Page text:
The film ends with Secretary Paulson hoping that the banks will lend out the "'cash infusions" they received from TARP and jump-start the economy. Is that what happened?
No, not at all. One of the reasons there's been such furor and anger in the country is that, in the immediate aftermath, the exact opposite seemed to happen. It was harder to get a loan, the economy continued to falter, the markets clearly kept tumbling, and there was a continued sense of panic in many ways. Some people believe that Hank Paulson, Ben Bernanke and Tim Geithner oversold the program to the public as a way to quickly lift the economy. In truth, it was a way to keep the patient from flat-lining. People were expecting a jolt and that's not what happened.
What would have happened if it didn't pass?
I think we would've had a complete and utter panic like nothing you've ever seen in your life. We would've had 25% unemployment, banks going down left and right, companies that relied on those banks going out of business. I don't know if there'd be breadlines, but there'd be lines around ATM machines, for sure.
Is it possible that we'll see that scenario if the debt ceiling isn't raised?
If the debt ceiling issue is not resolved, it is very possible we could see a panic similar to before – that’s the fear that I constantly hear from people in the markets.
What did the banks do with the money from TARP if they weren't lending it out?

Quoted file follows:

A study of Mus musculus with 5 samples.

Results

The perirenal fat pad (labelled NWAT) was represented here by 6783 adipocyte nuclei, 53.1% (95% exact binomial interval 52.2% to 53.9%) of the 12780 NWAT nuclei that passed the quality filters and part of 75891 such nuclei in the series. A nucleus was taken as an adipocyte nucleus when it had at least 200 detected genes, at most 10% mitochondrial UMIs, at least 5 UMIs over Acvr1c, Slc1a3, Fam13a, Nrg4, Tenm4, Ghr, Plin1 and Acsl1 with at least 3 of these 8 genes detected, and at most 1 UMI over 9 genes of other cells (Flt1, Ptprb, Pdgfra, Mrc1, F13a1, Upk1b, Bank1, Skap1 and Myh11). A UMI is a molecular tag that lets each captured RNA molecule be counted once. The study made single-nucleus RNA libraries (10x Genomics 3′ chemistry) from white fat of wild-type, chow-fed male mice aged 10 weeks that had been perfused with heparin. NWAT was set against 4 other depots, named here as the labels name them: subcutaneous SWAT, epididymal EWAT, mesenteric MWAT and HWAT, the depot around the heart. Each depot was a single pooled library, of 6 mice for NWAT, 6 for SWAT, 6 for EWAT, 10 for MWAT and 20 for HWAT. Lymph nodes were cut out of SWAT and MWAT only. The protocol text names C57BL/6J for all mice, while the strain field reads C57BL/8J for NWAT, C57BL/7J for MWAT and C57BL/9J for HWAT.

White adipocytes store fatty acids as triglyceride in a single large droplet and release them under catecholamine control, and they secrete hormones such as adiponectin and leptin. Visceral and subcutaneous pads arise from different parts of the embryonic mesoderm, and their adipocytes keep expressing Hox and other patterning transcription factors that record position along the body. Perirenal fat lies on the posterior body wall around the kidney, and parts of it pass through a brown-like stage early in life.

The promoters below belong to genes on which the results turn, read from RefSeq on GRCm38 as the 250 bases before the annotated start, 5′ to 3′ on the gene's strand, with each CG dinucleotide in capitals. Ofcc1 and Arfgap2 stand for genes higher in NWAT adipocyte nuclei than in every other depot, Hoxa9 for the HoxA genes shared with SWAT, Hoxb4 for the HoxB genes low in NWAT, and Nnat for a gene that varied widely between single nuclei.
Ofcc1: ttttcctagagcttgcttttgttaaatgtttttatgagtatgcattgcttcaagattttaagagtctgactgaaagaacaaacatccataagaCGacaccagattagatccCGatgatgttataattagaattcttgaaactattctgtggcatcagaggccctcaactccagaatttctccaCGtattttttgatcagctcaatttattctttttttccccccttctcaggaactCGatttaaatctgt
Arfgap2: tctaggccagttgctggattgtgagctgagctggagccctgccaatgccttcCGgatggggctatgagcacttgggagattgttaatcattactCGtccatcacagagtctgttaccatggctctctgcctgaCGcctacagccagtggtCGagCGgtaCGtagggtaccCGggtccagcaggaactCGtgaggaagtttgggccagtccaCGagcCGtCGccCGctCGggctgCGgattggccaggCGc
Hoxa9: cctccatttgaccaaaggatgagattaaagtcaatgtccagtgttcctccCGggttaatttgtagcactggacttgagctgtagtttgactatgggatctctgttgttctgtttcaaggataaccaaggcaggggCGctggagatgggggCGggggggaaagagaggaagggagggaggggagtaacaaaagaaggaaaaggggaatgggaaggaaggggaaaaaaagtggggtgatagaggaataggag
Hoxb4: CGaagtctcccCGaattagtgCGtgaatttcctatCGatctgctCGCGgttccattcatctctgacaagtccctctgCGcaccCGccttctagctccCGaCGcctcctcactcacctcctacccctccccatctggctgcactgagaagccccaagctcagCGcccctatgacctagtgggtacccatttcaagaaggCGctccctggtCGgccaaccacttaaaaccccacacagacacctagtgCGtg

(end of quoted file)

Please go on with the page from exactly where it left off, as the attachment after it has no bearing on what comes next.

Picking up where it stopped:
Many of the banks used the money to shore up their own balance sheets. They were effectively hoarding cash because their deposits had been so depleted. They were trying to hold on to the cash to help keep an adequate capital ratio. That frustrated a lot people because they thought it was going to be lent out. And the bankers were making huge bonuses again so the anger was understandable.
How did the economy respond?
For several months, the economy and the markets continued to spiral downward. The banks had a legitimate worry about lending, because they didn't know if the people they were lending to would be able to pay them back. But there also wasn't as much demand for loans. Companies and people weren't asking for loans in the same way they had been because the economy was so depressed. That’s not to suggest that there were not people who couldn’t get loans that deserved them; that was a problem too.
Was it surprising how quickly the banks paid back the money from TARP?
Yes. I think if you were to ask someone like Hank Paulson or someone else from the administration about this, their hope was the banks would be holding onto this money for three to five years. There was a real sense of surprise about how fast they paid it back. TARP became so politicized that having money from it was almost like a scarlet letter. There were debates over compensation, worry that the rules were going to get changed. All the banks were desperately rushing to get that money back as soon as possible—in part, so they could pay themselves bonuses without any government restrictions. Of course, that made the public even more upset.